OPM Breach Reach Expands as Cybercriminals Profit
While the latest news about OPM’s breach is worse than initially revealed, a new security report indicates cybercrime is big business for attackers who receive an estimated 1,425% ROI for malware schemes.
While investigating a cyberattack on the information of about 4 million federal employees, officials discovered “a separate intrusion into OPM systems that may have compromised information related to the background investigations of current, former, and prospective federal government employees, and other individuals for whom a federal background investigation was conducted,” Samuel Schumach, OPM’s press secretary, said.
Reports from Bloomberg and the Associated Press said hackers tapped into as many as 14 million personal records, a number OPM would not confirm, citing its continuing inquiry.
In the meantime, Chicago-based Trustwave released its 2015 Trustwave Global Security Report, which revealed the top cybercrime, data breach and security threat trends from 2014.
The report disclosed how much criminals can profit from malware attacks, which data they target, how they get inside, how long it takes for businesses to detect and contain data breaches, what types of businesses criminals are targeting and where the majority of victims are located.
Trustwave experts gathered the data from 574 breach investigations the company’s SpiderLabs team conducted in 2014 across 15 countries, in addition to proprietary threat intelligence gleaned from the company’s five global Security Operations Centers.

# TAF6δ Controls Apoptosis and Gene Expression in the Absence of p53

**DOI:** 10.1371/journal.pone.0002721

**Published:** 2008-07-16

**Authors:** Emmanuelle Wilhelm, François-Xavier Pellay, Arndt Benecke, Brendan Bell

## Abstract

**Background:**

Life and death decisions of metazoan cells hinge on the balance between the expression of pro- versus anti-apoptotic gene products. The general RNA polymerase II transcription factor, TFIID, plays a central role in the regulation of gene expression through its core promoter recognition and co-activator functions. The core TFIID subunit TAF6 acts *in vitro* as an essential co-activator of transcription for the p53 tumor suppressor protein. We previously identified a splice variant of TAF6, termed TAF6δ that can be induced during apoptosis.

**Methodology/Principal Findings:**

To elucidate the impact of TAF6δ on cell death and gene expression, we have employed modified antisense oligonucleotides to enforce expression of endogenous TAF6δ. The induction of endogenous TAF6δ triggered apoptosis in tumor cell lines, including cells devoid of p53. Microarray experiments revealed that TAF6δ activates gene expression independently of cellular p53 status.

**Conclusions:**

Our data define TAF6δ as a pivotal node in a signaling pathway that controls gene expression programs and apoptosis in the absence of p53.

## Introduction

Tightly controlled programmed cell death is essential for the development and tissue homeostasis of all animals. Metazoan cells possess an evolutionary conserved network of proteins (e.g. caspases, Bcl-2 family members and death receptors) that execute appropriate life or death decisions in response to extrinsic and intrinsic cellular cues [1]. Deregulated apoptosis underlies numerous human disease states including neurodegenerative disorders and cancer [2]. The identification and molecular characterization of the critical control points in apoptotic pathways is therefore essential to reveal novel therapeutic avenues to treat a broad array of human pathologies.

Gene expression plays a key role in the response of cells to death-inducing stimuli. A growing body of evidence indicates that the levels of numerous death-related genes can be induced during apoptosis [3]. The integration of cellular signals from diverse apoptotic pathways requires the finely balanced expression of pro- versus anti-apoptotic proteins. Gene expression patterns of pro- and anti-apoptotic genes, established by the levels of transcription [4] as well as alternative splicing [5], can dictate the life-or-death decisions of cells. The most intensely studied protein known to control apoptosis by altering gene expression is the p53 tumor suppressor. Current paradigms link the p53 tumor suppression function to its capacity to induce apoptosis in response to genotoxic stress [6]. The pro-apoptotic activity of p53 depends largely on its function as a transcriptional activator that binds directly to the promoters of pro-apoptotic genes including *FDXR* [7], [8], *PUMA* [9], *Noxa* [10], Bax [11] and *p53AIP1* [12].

Among the key highlights from the report was that attackers received about $84,100 net revenue for each $5,900 investment.
The majority of victims, 81%, did not detect breaches themselves. The report revealed that self-detection led to quicker containment of a breach.
In 2014, for self-detected breaches, a median of 14.5 days elapsed from intrusion to containment. For breaches detected by an external party, a median of 154 days elapsed from intrusion to containment.
In 2014 Trustwave also discovered 98% of applications tested had at least one vulnerability. The maximum number of vulnerabilities found in a single application was 747. The median number of vulnerabilities per application increased 43% in 2014 from the previous year.
Weak remote access security and weak passwords tied as the vulnerability most exploited by criminals in 2014. Weak remote access security or weak passwords contributed to 94% of POS breaches.
“Password1” was still the most commonly used password. Thirty-nine percent of passwords were eight characters long. The estimated time it took Trustwave security testers to crack an eight-character password was one day. The estimated time it would take to crack a 10-character password was 591 days.
Retail was the most compromised industry making up 43% of Trustwave’s investigations followed by food and beverage (13%) and hospitality (12%). Forty-two percent of investigations were of e-commerce breaches. Forty percent were of POS breaches.
In 31% of cases Trustwave investigators found attackers targeted payment card track data. Track data is the information on the back of a payment card that’s needed for an in-person transaction.
“To defend against today’s sophisticated criminals, businesses must see attacks from their front windshield instead of their rear view mirror,” Trustwave Chairman, CEO and President Robert J. McCullen said.
The FBI recently released a warning about a new Punkey malware, uncovered by Trustwave, which scans and scrapes un-coded, plaintext credit card information in the RAM of payment-processing devices such as card readers and POS terminals.
The malware inserts itself into computers, performs system scans, encrypts hacked information, and then connects to remote servers used to store and retrieve stolen credit card data. Cybercriminals then post appropriated data for sale online.